Saturday, 9 May 2015

Longing for belonging

I drank water, flowing fresh down my throat
And it was like I tasted nothing but sewage;
Suffering beyond comparison,
Like that of a boat amongst raging ocean waves.

Elia Abu Madhi, the revered Lebanese poet, perfectly described what it feels like to be away from where you belong. Where you ‘belong’ is by no means exclusive to where you were born or the country from which your parent(s) hail; rather, it’s the place where you feel alive. Once you emigrate, the sense of loss becomes too great to comprehend, too irrational to justify. Your life away may be safer, more financially rewarding, but you’re starved of tranquility and spiritual fervour.

Having lived in India, Syria and England, and being of Iraqi origin, I've always been reluctant to put my finger on a map and wholeheartedly say “Here’s where I’m from,” as I've never felt as though I truly belonged anywhere I’ve lived in thus far. For that reason, as well as their artistic depth, Abu Madhi's words strike several, tangled chords within me.

My intergenerational and consecutive migrations have amplified the fogginess with which my unyielding heart tries –and fails- to adjust to its surroundings. It is filled with longing for company I hadn’t enjoyed, relishing a reunion of hearts with lovers I hadn’t encountered, objects of adoration whose hazy countenances were weaved together by my starry-eyed mind. And yet I dream of being there, and yearn to be with them. The precise geographical location of the place, and the identifying features of the people - aren't necessarily a relevant detail, for the heart needs no bearings once it's in a place it warms to, and in company it finds soothing and sensual in equal measure.

Not only am I burdened with a wild and wayward emotional constitution, I confess to feeling disarmed of my creative faculties, like a pelican in a pigsty, bedraggled and bereft of life. The light of my mind flickers and flashes sporadically and painstakingly, having previously assured my child-self that it would illuminate my yet-to-be-lived days.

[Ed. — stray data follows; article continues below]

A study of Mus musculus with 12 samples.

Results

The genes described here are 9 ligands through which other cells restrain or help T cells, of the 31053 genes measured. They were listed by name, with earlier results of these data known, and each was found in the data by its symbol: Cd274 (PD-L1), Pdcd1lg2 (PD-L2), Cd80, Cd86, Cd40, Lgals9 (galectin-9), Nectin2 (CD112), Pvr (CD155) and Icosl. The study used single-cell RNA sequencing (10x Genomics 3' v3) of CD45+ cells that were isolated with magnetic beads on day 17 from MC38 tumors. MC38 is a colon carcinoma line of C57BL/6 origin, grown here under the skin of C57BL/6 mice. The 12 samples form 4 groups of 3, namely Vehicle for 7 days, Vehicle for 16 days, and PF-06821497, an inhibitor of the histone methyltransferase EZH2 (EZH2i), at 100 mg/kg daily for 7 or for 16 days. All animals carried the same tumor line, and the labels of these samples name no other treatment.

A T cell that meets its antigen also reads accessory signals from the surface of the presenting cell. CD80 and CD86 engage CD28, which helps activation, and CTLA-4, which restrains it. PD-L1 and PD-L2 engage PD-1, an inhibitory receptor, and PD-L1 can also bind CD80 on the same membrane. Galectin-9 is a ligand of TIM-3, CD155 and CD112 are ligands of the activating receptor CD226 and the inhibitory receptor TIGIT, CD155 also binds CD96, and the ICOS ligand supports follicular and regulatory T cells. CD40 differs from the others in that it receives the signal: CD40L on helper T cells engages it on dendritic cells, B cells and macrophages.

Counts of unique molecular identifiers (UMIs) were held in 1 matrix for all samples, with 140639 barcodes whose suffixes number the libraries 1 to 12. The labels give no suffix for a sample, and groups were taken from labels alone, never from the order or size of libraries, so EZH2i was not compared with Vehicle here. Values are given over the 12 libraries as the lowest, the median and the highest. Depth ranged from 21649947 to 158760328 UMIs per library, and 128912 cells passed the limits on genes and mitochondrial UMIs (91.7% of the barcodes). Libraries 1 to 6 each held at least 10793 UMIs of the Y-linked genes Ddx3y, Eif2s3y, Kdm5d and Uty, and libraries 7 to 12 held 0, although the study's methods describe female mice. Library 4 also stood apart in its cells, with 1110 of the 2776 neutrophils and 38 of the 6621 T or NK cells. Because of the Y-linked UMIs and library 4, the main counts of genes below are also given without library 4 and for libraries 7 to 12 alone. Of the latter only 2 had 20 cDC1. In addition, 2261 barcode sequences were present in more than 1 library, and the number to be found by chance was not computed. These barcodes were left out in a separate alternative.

I often wish I were able to visit Iraq as freely and frequently as my contemporaries and fellow second-generation exiles do. More than Iraq, though, I dream of setting foot in Syria once again. The dusty, overcrowded streets of Sayyeda Zaineb, the epicentre of my childhood on the outskirts of Damascus – are where I made sense of the world: in the ear-piercing cacophony of tirteras, cattle and shopkeepers. A celestial soundtrack of an otherwise mundane life.

London may have cleaner streets and a wider selection of international cuisines, but it has yet to convince me that it could stir me the way Damascene alleyways did.

Whimsical romance aside, I’ve realised that cannot afford to spend my days envisaging a parallel existence. My converse-clad feet are firmly rooted in a lively part of London, and I must work towards rekindling the flame of life within my shrinking frame. Otherwise, what’s left of my dwindling spirit will vanish into thin air, leaving in its wake a mediocre nothingness, much like the indistinguishable sound of a tirtera – forgettable in its absence as it is salient in its presence.